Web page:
Opportunity Zones: A New Investment Vehicle Created by the TCJA

The new Opportunity Zones program created in the Tax Cuts and Jobs Act (TCJA) encourages investment in low-income communities throughout the United States by providing favorable tax treatment for investors in Qualified Opportunity Funds (QOF). Benefits are available if existing capital gains are reinvested into a QOF. Possible benefits include:

  • Deferral of capital gain
  • Reduction of amount of gain realized through a basis adjustment
  • Exclusion of gain on disposition of interest in a QOF

What is a Qualified Opportunity Fund (QOF)?

A QOF is an investment vehicle setup as a corporation or partnership.  The QOF uses invested capital to make equity investments in qualified property located in Opportunity Zones. QOFs must hold at least 90% of their assets in Opportunity Zone Property which includes partnership interests, newly issued stock, or business property.

A QOF self certifies that it is eligible to be a QOF by attaching a form to its federal tax return. We are currently waiting for guidance from the IRS including what this form will look like.

What is an Opportunity Zone?

Opportunity Zones are economically-distressed communities designated by state governors and US Treasury in order to encourage growth. Designations will be effective for 10 years. For the listing of all zones, please visit: https://www.cdfifund.gov/Pages/Opportunity-Zones.aspx

Who will benefit from investing in a Qualified Opportunity Fund?

If you have realized or unrealized capital gains, you may benefit by investing the gain in a QOF. All capital gains realized by an investor within 180 days of investing in an Opportunity Fund are eligible for tax benefits.

What are the benefits of investing in a Qualified Opportunity Fund?

The program incentivizes long term investments by providing increasing benefits the longer you are invested in the fund. In order to take advantage of the full benefit, you would need to stay invested in the Opportunity Fund for more than 10 years.

Below is a summary of benefits depending on length of investment.


John Smith sells stock in Amazon for a gain of $1 million on August 1, 2018. John invests this $1 million into a QOF on November 1, 2018 (within 180 days of the day John sold his stock). Since John invested the gain into a QOF, John recognizes no gain on the Amazon stock on his 2018 tax return.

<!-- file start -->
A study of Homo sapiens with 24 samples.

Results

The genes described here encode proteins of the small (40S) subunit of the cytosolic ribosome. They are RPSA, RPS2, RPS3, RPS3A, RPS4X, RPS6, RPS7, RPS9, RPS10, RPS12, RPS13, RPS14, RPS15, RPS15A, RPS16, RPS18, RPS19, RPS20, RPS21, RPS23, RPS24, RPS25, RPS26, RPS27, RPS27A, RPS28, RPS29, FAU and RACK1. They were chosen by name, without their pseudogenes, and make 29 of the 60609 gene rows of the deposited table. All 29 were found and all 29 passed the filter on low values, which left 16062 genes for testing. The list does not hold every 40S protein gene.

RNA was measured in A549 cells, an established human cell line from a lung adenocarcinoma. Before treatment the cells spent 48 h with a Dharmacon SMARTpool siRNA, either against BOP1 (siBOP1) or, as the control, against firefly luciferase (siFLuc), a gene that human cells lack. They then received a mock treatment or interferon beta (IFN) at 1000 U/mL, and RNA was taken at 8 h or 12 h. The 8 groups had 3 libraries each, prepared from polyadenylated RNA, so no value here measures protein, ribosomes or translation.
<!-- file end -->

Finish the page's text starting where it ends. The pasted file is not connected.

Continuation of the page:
Scenario 1: Let’s assume John sells his interest in the QOF on November 1, 2024 for $2 million after holding it for 6 years. On John’s 2024 tax return, he would recognize a gain from the sale of Amazon stock in the amount of $900,000 (10% reduction of original gain). He would also recognize a gain of $1 million on sale of the QOF.

Scenario 2: Now let’s assume John didn’t sell his interest in the QOF until November 1, 2027 after holding it for 9 years. We will assume the same sale price. Since John held his interest for 9 years he would receive a 15% reduction in tax on the Amazon gain. However, he would have to recognize this gain on December 31, 2026 instead of November 1, 2027. As such, John would recognize a gain from the sale of Amazon stock in the amount of $850,000 on his 2026 tax return. On his 2027 tax return, he would recognize a gain of $1 million on sale of the QOF.

Scenario 3: Finally, let’s assume John held his interest in the QOF until December 31, 2028 after holding it for over 10 years. Similar to the prior scenario, John would recognize a gain of $850,000 on his 2026 tax return. There would be no capital gains tax due on the QOF sale on his 2028 tax return.

Some open questions and planning thoughts:

  1. How the states will follow this law is not certain, however these exclusions would generally be available at the state level given how they are constructed in the Internal Revenue Code and how most states follow various federal gain exclusions, absent legislation to disallow the tax benefits of QOF investments.
  2. Most private equity funds return principal to investors over the life of the fund, not just at the end of the fund’s life. How would partial returns of capital impact these deferral provisions?
  3. Real estate would seem like an ideal fit here, given that the assets are less mobile and generally longer term investments. Investments can be made across multiple zones, thus allowing for geographic diversity for both real estate and operating company focused funds.

This is an exciting new opportunity in the investment space which could be a great tool for those with unrealized capital gains. If you would like to learn more, please Contact Us as our team would be happy to have a conversation with you if you are a fund manager interested in setting up an Opportunity Fund or if you are an investor looking to reinvest your capital gains to get preferential treatment.